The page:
Man, do you need a lyric sheet to listen to this album.

As the Advocate and Pitchfork have already helpfully stated, the Hidden Cameras do a rather compelling job of linking spirituality with gay politics.

And jumping on the band’s website to read some of its lyrics, those analyses bear themselves out.

I’ll defer to these opinions. Why duplicate someone else’s analysis?

But Advocate writer Rob Chin is spot on about singer Joel Gibb’s enunciation on the Cameras’ studio debut, The Smell of Our Own. “One wishes he were miked more clearly”, Chin writes.

Uh, yeah.

Despite Gibb’s lyrical content and the Hidden Cameras’ pleasantly bizzare music, The Smell of Our Own gets predictable after a while.

The Polyphonic Spree, the Magnetic Fields and Belle and Sebastian have all been name checked when comparing the Hidden Cameras’ lush, orchestral sound to other groups.

And The Smell of Our Own delivers, indulging in strings and glockenspiels and harps and all manner of heavenly instruments.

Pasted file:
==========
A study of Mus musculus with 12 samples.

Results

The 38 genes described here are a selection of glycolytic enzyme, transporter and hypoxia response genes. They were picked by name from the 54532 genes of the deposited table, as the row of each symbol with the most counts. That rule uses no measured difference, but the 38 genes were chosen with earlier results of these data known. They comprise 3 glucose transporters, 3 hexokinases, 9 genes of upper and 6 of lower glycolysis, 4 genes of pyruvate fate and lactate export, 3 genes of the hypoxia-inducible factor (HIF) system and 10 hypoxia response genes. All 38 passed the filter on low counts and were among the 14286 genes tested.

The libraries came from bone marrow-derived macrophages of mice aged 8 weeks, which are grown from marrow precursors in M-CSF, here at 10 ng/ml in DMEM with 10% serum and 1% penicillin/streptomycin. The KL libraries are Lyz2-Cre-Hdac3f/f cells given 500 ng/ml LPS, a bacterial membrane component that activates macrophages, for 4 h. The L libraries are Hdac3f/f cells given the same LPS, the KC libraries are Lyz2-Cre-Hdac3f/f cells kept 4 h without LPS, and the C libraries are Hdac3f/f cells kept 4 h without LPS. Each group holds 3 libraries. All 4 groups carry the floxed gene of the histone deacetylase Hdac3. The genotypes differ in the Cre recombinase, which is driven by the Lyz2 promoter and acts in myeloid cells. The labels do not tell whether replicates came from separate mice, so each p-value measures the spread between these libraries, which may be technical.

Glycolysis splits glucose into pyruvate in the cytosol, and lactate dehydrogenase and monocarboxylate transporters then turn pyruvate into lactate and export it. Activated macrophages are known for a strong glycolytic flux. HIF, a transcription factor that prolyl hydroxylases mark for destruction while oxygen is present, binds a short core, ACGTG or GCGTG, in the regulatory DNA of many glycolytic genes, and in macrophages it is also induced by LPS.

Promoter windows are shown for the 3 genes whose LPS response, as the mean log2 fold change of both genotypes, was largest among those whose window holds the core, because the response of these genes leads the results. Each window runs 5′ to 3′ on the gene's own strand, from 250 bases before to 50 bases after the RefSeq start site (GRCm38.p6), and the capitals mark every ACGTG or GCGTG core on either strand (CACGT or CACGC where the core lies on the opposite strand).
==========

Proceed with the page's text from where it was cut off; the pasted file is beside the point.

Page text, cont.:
But all the songs start off the same way — with a pulse. A chugging, eighth note pulse. Hello, Phillip Glass. Hello, Steve Reich. Even with all the orchestral flourishes, the song seem to follow the same template.

Gibb possesses a strong, clear voice, but the words — and they’re damn fine words — often get lost. When all you’re left with is the music, The Smell of Our Own is pretty repetitive.

That doesn’t mean you shouldn’t listen to the album. “The Man That I Am” paints some really vivid images of alternative bedroom techniques.

But prepare to work a bit harder to cut through the unintended obfuscation on the album. It pays off.